This week, the Property Poser experts help a tenant who is experiencing massive problems with dampness in the property he rents.
The reader tells us that the foundations of the house have subsided to such an extent that cracks have appeared in various places.
Of even greater concern is the fact that the shower floor in the bathroom has also subsided, causing water to seep into his adjoining spare room.
The reader says this issue was pointed out to both the agent and owner at the beginning of the lease period but, six months later, no real steps have been taken to alleviate the problems.
The attempts that have been made have all been of a superficial nature and have not addressed the problem.
The reader likes both the property and the area in which it is situated and is therefore not keen to move.
Having said that, he feels that he is paying rental for a three-bedroom dwelling, but in reality only has the use and enjoyment of two of the rooms since the third has become unusable. He wants to know what his options are.
Willem Luttig from Raubenheimers Inc in George says the Rental Housing Act provides some guidance in this regard.
“It requires the parties to a lease to inspect the property prior to occupation in order to highlight potential issues and identify aspects for repair. It appears that this was not done, although it is quite possible that the problem would not have been evident at that stage.”
According to Luttig, the next step would be to consult the lease agreement.
“It’s a contract, like any other, between tenant and landlord. This means that we have to consider the terms in order to determine what our reader’s rights and obligations may be.”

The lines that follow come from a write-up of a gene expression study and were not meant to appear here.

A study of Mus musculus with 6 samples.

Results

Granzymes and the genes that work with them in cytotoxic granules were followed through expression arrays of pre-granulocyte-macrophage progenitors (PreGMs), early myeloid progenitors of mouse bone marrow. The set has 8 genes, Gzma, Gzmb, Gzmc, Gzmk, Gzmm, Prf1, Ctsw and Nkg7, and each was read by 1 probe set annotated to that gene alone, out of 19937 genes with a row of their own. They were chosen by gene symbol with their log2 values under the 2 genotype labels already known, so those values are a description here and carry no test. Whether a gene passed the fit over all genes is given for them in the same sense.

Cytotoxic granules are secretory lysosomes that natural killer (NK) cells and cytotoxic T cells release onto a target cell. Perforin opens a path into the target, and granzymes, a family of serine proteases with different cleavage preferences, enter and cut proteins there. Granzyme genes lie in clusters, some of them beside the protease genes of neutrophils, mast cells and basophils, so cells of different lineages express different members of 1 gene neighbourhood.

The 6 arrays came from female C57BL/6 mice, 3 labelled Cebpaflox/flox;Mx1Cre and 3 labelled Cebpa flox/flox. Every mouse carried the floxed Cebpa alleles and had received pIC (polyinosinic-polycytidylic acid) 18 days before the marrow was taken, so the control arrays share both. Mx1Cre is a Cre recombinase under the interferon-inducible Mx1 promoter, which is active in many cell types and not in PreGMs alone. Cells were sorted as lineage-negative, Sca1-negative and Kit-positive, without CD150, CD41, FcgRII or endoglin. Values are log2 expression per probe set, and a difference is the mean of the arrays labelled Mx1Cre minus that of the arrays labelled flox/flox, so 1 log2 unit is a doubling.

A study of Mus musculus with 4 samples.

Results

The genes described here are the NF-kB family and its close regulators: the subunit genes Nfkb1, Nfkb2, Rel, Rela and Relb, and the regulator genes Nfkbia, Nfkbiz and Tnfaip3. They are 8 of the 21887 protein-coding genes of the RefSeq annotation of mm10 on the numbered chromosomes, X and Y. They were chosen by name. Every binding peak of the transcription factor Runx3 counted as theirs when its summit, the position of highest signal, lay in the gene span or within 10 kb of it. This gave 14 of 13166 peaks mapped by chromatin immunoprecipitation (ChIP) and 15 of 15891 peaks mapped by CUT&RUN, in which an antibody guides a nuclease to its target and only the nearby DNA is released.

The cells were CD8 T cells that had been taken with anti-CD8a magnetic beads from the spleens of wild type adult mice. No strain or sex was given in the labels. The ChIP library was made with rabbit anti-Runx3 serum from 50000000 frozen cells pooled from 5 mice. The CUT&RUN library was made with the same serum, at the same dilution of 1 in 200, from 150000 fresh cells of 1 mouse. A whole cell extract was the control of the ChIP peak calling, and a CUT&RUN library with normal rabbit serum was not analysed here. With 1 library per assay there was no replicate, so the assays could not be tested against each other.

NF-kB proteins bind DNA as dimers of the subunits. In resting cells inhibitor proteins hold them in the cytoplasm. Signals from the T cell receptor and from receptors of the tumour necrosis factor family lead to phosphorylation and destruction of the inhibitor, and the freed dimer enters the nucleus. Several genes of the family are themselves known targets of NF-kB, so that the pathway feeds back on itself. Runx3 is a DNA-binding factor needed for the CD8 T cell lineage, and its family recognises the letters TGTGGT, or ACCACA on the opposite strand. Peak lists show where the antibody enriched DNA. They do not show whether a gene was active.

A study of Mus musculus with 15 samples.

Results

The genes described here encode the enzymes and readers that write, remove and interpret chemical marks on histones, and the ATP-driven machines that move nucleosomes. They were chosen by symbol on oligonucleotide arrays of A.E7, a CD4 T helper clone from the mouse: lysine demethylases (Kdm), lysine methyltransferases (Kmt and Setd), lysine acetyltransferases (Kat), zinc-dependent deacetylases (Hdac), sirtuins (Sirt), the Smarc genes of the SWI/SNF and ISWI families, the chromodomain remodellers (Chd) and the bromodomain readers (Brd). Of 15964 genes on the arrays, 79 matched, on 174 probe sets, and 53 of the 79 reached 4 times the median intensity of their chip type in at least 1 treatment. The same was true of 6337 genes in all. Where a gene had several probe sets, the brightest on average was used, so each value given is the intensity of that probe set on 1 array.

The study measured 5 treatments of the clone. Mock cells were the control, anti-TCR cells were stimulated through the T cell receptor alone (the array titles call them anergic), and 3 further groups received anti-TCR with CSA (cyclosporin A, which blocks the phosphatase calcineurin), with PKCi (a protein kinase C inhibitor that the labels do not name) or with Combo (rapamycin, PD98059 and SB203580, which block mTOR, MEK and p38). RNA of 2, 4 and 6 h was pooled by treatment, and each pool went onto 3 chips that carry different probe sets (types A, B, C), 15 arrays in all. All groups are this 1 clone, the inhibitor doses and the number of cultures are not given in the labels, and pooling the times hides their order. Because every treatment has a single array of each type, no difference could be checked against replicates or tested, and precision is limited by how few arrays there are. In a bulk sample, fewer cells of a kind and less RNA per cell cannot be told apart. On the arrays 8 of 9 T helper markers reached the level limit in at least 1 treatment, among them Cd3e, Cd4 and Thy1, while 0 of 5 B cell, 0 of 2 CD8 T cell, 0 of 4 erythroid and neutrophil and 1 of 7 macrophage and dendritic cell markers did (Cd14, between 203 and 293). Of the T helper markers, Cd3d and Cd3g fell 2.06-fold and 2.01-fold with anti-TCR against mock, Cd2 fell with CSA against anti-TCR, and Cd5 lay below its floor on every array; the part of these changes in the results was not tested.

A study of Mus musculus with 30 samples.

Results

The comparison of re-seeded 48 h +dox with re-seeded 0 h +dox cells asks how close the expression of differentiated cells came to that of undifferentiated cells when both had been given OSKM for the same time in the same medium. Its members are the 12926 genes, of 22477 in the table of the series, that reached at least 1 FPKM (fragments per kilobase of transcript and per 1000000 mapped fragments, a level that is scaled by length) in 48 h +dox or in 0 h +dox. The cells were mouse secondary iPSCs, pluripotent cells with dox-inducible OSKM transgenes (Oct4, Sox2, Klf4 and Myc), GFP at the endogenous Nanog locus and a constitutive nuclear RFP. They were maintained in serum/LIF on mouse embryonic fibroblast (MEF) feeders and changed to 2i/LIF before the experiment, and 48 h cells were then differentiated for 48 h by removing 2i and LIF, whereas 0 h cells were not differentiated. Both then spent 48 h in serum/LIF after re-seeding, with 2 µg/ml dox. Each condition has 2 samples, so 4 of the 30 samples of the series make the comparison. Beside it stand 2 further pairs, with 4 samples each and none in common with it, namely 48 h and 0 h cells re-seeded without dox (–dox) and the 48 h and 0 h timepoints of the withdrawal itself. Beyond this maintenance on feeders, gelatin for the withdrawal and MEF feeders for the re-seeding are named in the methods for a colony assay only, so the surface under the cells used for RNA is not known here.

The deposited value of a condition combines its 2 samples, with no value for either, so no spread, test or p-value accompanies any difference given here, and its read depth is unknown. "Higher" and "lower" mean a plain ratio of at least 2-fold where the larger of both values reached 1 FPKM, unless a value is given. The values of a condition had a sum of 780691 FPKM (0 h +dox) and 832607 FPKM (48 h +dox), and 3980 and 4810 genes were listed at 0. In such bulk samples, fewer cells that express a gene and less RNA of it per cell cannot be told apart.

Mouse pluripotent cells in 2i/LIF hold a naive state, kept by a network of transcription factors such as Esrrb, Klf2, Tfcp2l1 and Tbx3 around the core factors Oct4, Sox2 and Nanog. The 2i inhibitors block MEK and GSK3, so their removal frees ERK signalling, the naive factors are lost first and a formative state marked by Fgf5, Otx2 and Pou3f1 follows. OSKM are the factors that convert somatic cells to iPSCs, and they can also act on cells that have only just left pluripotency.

The provisions of the Consumer Protection Act will also have bearing on the reader’s rights and the landlord’s obligations, says Luttig. “The aim of this act is to protect consumers’ rights when entering into a contractual relationship with a supplier.”
When a lease agreement is concluded on a particular property, Luttig says the landlord is required to meet certain obligations in return for the rental.
Pieter van Rensburg, principal of Chas Everitt in George, says the landlord’s obligations include making the use and enjoyment of the property available to the tenant.
“He or she must also place and maintain it in the condition agreed upon or at least in a condition reasonably fit for the purpose for which the property is let.”
Van Rensburg says the reader should therefore put the landlord on terms to fix the damp problem, failing which he may have the option of cancelling the lease agreement.
“As our reader points out, cancelling the lease is not his first choice. It may be an option to negotiate a reduced rental amount as a result of the issues experienced, however, it is unlikely that the landlord would do so voluntarily.”
The lease may make provision for dispute resolution or the reduction of rental due to the decreased enjoyment of the property, says Van Rensburg.
“The latter would possibly be to an amount reasonable in the circumstances and determined by a third party, often an independent estate agent.”
Van Rensburg says the reader would also have the option of approaching the Rental Housing Tribunal for assistance in reaching an equitable solution.